VPN & China

China Faces a Public Backlash for Cracking Down on Individual VPN Users

China has been known as a country that likes to control the content to which its citizens are exposed to for a long time. One of the methods that the country uses to limit its population’s internet access is the so-called “Great Firewall of China,” which filters the content and blocks sensitive data, as well as countless overseas websites.

To battle the issue, many have turned to VPNs, which are tools designed to provide online protection, privacy, as well as anonymity. Recently, however, China has decided to start punishing some of its citizens for using this technology, starting with two internet users who applied it in their daily online sessions.
China and VPNs

In the majority of the world, using VPNs is perfectly legal, as most countries believe that their citizens should have the right to their own privacy. However, there are a few countries around the world that do not share this view. China, on the other hand, sits somewhere in the middle, with no clear rules regarding what is allowed and what is not in this regard.

For example, VPN is permitted, but limited to certain situations. The government has never strictly outlawed it as many of its agencies and largest companies tend to use them to protect their own systems and secrets. However, when it comes to individual internet users, the rules are a bit different. For example, China has been attempting to introduce vigorous internet control regimes for years, and a lot of resources has gone into banning the use of VPNs and similar privacy tools.

The country has even brought a Cybersecurity Law in 2017 which introduced a set of rules regarding internet use and what content is allowed. This has provided Chinese ISPs with more duties and responsibilities. However, some companies were affected as well.

One example of this is Apple being forced to exclude VPN-related apps from the Chinese version of their app store. Since then, the country has also made a number of arrests of those who defied the order and used VPNs anyway. However, the situation remains complicated and confusing, as the law does not outright criminalize the use of VPNs. Because of this, many have ignored the order, thinking that they can continue to use such tools with no consequences.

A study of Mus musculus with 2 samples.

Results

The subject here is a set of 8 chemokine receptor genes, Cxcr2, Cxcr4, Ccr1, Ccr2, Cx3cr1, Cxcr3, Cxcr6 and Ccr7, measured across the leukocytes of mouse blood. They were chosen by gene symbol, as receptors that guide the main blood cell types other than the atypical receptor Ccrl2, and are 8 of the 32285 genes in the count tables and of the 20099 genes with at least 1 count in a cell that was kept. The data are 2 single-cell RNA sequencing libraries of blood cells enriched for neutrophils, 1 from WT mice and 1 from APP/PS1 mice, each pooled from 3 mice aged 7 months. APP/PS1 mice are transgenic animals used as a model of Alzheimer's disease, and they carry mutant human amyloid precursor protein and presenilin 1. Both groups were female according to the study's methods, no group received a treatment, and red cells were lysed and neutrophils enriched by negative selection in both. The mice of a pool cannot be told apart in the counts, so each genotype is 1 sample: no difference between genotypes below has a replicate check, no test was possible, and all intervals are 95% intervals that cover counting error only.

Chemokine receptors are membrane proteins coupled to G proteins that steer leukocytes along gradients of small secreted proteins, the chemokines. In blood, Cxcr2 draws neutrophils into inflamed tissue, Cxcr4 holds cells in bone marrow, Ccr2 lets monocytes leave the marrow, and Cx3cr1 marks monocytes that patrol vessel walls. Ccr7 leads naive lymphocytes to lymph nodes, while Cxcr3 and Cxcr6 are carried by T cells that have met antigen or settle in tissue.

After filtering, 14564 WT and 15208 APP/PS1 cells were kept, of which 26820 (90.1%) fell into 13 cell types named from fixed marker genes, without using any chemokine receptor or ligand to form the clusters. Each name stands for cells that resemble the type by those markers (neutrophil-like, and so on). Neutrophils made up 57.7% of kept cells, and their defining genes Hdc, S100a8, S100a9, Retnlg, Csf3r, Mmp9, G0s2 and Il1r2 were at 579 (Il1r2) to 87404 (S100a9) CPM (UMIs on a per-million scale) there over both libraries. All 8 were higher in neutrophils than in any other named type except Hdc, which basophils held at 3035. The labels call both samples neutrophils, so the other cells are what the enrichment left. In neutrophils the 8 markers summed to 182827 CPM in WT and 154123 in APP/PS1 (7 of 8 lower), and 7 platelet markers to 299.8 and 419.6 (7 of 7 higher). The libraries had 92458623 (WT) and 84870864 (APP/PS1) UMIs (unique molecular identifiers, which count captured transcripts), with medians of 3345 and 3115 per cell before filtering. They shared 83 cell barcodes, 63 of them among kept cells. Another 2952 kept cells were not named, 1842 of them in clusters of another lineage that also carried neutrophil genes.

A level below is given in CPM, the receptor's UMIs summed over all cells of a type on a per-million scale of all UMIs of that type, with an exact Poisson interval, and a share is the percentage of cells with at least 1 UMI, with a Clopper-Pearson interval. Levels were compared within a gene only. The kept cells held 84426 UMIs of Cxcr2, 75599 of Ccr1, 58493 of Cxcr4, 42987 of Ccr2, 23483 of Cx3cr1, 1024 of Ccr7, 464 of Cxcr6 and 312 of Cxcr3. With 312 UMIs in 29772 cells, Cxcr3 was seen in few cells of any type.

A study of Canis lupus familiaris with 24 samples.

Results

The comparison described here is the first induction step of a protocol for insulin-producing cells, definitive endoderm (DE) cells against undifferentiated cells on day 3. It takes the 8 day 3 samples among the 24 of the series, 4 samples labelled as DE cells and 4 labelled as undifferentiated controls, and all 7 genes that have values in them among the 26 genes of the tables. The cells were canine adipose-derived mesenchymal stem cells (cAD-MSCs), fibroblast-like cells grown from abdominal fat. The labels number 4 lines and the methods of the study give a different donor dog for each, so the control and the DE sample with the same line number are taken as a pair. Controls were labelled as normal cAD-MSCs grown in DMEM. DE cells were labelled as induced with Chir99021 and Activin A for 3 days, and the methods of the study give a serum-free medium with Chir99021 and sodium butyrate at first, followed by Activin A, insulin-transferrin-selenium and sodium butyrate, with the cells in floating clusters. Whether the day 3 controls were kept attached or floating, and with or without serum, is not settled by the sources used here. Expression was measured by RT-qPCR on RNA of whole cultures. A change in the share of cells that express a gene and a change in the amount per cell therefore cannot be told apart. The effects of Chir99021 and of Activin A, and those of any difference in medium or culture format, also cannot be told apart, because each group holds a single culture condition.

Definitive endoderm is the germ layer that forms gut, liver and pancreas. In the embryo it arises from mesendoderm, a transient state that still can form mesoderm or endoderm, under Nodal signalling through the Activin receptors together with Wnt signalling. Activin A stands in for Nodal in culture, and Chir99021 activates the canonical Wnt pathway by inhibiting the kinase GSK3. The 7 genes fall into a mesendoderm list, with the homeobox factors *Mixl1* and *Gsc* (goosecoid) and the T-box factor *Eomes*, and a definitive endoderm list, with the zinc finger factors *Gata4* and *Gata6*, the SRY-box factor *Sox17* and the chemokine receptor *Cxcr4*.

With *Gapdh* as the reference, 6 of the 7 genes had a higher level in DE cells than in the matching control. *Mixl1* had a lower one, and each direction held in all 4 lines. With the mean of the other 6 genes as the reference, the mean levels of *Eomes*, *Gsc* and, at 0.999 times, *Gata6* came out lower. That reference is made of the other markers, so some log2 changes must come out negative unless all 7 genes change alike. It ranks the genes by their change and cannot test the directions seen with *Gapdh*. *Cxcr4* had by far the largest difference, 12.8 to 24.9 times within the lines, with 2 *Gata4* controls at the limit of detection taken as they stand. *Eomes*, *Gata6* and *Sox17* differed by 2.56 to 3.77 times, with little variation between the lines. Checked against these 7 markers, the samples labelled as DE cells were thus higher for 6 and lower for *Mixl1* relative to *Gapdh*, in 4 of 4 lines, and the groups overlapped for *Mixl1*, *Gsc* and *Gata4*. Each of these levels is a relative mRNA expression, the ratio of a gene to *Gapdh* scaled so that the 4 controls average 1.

However, as mentioned earlier, the government already made a move against several citizens who used such technology, including Zhu Yunfeng and Huang Chengcheng. Zhu was charged around $163 (1000 RMB) for using a mobile VPN app Lantern Pro. Due to the fact that the government had no case against Zhu under the new law, they used Articles 6 and 14 cited in a set of rules published in 1996.

Article 6 states that connecting to international networks can only be legally performed by using software provided by telecoms licensed by the country of China. Unfortunately, Lantern Pro does not fall under this category. Soon after a case against Zhu was made in December, another one caught the attention of the public on January 4th, against Huang Chengcheng.

The situation is quite similar, and Chengcheng is currently facing the same charges as Zhu. While the details of the cases are not fully disclosed at this time, many have concluded that the current development means that using VPNs and similar tools to circumvent the internet is now considered to be illegal in China.

The Chinese public reacts

This has caused a strong reaction from the public, with many Chinese citizens questioning why are some people allowed to use VPNs while others face charges when doing the same. For example, the state-run media of China are known for bypassing the Firewall, with one user especially mentioning the editor-in-chief of Global Times, Hu Xijin.

 

Xijin supposedly regularly circumvents the Firewall in order to gain access to foreign websites, such as Twitter itself. Many in China have demanded that he receives the equal treatment as the two individuals that are currently facing charges, while others simply continue to express frustration with the entire incident.